New Google Metrics Focus on Ad Position


In an attempt to help advertisers understand how their ads will perform based on where they land on the search query results page, Google has unveiled four new search ad position metrics.

Scheduled to roll out in the weeks to come, two are based on the “Absolute Top” (or top-of-the-page) position, and two on the “Top” (appearing above organic results).

In both cases, “Impr,” represents the percentage of a brand’s ad impressions that serve up as the very first ad above the organic search results, while the “Search Impression Share” metric counts impressions served in the absolute top location, divided by the estimated number of impressions a brand is eligible to receive.

The two impression percentage metrics – “Impression Absolute Top %,” and “Impression Top %” – are specific indicators of page location, and show when and where ad impressions display above the organic result, a valuable measure for advertisers who want to capitalize on the available opportunity to show their ads in more prominent positions.

Netflix Voted Platform of Choice Among TV Viewers


According to Hub Research’s 2018 “Conquering Content” study, Netflix has overtaken live TV as the platform of choice for television aficionados.

Published annually, Hub’s study tracks viewer behavior on both traditional and online content sources, and covers a range of topics including favorite shows and platforms. 2018 marks the first time a non-linear source (Netflix) earned the voting majority among respondents (32% for Netflix; 26% for live TV).

Continuing a trend first reported by Hub in 2014, the attraction of Netflix (and similar of digital TV services) hasn’t been lost on creators or marketers who – like consumers – continue to flock to the channel.

Vine Founder Announces New Video-Looping App


When Twitter announced its acquisition of Vine back in 2012, many thought the platform was onto something.

Despite garnering accolades among early adopters and critics, the service – which was based on creating and sharing 6-second looping video clips – was shuttered four years later due to “monetization issues.”

Having received “many messages from fans about a potential revival” in the time since, founder Dom Hoffman has decided to throw his hat back into the ring with Byte, a “Vine 2.0” of sorts that’s slated to launch in the Spring.

Though little is known about his new offering at the moment, Hoffman has unveiled a new website where interested parties can register for updates.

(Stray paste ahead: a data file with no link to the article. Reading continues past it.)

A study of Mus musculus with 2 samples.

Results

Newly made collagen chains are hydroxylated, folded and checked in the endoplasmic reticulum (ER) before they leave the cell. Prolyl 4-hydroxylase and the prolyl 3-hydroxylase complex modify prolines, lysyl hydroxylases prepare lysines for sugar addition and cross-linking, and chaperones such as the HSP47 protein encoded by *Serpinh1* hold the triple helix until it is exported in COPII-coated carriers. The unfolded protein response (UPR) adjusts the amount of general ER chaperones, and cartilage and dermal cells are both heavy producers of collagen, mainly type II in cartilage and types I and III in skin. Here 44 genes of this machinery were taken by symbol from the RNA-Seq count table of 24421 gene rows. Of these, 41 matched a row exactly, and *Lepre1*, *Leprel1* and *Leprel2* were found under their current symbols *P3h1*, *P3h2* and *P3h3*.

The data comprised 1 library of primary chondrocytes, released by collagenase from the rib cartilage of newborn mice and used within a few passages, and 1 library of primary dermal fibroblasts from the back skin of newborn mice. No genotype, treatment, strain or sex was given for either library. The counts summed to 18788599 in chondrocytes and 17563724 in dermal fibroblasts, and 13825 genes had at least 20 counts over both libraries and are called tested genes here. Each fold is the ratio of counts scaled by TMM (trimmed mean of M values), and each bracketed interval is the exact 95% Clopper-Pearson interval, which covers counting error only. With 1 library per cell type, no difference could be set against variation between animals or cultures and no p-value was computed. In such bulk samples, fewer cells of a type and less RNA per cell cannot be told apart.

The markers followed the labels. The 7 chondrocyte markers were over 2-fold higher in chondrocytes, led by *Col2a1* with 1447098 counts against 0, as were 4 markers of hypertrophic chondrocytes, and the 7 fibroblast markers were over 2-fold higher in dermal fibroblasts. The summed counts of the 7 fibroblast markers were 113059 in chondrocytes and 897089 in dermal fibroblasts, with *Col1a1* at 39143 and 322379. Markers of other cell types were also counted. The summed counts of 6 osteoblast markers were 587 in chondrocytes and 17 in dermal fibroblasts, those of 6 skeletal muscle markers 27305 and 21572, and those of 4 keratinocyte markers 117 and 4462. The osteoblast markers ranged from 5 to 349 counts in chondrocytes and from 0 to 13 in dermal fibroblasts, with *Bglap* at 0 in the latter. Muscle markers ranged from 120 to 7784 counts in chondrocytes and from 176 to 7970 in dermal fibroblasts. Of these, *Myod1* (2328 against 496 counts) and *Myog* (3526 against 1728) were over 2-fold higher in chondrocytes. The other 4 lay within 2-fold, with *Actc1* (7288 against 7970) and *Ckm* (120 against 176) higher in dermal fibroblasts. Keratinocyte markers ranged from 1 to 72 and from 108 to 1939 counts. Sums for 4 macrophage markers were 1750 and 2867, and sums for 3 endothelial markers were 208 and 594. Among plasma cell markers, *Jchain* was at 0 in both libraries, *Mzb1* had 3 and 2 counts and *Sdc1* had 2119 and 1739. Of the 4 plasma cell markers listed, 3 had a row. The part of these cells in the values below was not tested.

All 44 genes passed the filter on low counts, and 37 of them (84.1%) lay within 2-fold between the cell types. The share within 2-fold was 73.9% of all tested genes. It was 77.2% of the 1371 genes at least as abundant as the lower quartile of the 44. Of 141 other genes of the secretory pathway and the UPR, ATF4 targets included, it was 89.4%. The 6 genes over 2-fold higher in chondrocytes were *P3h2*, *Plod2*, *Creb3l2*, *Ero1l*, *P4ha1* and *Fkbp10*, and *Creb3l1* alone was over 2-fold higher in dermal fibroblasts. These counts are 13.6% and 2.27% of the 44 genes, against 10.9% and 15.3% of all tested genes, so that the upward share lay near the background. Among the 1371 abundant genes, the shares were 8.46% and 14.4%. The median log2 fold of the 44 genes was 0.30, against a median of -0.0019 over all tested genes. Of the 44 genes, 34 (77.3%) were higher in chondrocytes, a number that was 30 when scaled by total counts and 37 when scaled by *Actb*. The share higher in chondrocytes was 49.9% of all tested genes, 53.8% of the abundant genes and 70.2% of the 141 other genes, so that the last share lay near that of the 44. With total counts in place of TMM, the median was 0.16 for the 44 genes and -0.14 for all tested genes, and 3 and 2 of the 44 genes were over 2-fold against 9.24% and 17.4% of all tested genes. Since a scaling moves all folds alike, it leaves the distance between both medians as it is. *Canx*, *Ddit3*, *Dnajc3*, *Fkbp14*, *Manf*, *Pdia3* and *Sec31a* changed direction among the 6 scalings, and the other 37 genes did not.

With Instagram picking up where Vine left off, it will be interesting to see if Byte takes off.

YouTube Lands on Nintendo’s Switch


YouTube has partnered with Nintendo to bring their service to the company’s Switch console.

Available for download via Nintendo’s eShop, YouTube joins Hulu in the ranks of “non-gaming” apps, and offers access to the same library of content (including 360 videos) that users have come to expect.

With over 22 million units sold (and another 20 million forecasted for this fiscal year), the pairing is bound to open up markets for both, especially among creators seeking to reach a younger demographic.

Top Tech Companies in Hot Water Over GDPR Compliance


Privacy International has filed complaints against seven data providers and ad-tech companies, asking European data-protection authorities to investigate their activities and determine whether they are in compliance with GDPR.

The firms being investigated are Acxiom, Oracle, Criteo, Quantcast, Tapad, Equifax and Experian.

“Together these companies profit from the exploitation of the personal data of millions of people in the UK, in the rest of the European Union and further afield,” the group contends in one of three complaints filed with the UK’s Information Commissioner’s Office.

Complaints were also submitted to data authorities in Ireland and France. In its complaints, the group relies heavily on descriptions on the companies’ own web sites and in other materials.

It also has submitted data access requests to the companies, as allowed under GDPR, arguing that “the data infringements documented in this merely constitute the tip of the iceberg of the companies’ data practices.”